Less Voice, More Exit

It’s cheaper and easier than ever to express your voice.  Information is so cheap to create, distribute, and consume that for the first time in history everyone can (theoretically) broadcast instantly to the whole world.

Hot takes are common.  You don’t need to write out and submit to an editor your review of a movie.  You can Tweet it right from the theater before the credits roll.  Resistance to political oppression or unhappiness with proclaimed leaders are faster and easier too.

This is a good thing.  Voice and exit are two powerful tools to improve the institutions under which we live.  The fewer barriers to each, the better.

The fact that voice has become 1000x easier, while exit has become only maybe 2x easier in the last half century is interesting.  It means, I think, that things are better overall, but the relative ease of voice over exit seems to have tilted culture heavily towards a “say something about it” vs a “do something about it” mentality.  In fact, I’d argue most modern ideas of what it means to “do something about it” are really just versions of voice.  To me, the really powerful “do something about it” is exit.  Or, as Frank Chodorov put it, “not doing something about it.”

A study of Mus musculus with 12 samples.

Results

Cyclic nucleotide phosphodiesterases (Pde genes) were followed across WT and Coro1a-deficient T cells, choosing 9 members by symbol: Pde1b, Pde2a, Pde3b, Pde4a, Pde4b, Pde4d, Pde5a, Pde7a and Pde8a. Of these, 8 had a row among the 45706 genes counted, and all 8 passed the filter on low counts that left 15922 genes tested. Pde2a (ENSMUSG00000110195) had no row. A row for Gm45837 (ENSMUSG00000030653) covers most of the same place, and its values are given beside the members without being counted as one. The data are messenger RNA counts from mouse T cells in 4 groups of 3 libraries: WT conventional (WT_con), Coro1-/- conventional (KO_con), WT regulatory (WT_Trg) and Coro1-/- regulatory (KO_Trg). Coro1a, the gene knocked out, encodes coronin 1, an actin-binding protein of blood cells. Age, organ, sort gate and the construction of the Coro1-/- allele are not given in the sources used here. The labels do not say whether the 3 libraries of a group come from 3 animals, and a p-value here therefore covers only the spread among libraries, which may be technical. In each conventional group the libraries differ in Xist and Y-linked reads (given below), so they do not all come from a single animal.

Consider a pop-culture example.  Star Wars: The Last Jedi wasn’t a good movie.  Most people didn’t like it.  When a product isn’t very good, you just don’t buy it, right?  Not in an age of voice > exit.  It seems the main response by people unsatisfied with the film was to watch it, then spend countless hours telling the fans and creators that you hated it, and furthermore, that they never should have made it and they should be using their creative energies in a way you like more.  Voice, voice, voice.  So much voice, exit seems the forgotten option.

Sometimes it’s better to forget protests and Tweet wars.  Just exit the stuff you don’t like.  Vote with dollars, not voices.  It’s more empowering, positive, enjoyable, and effective.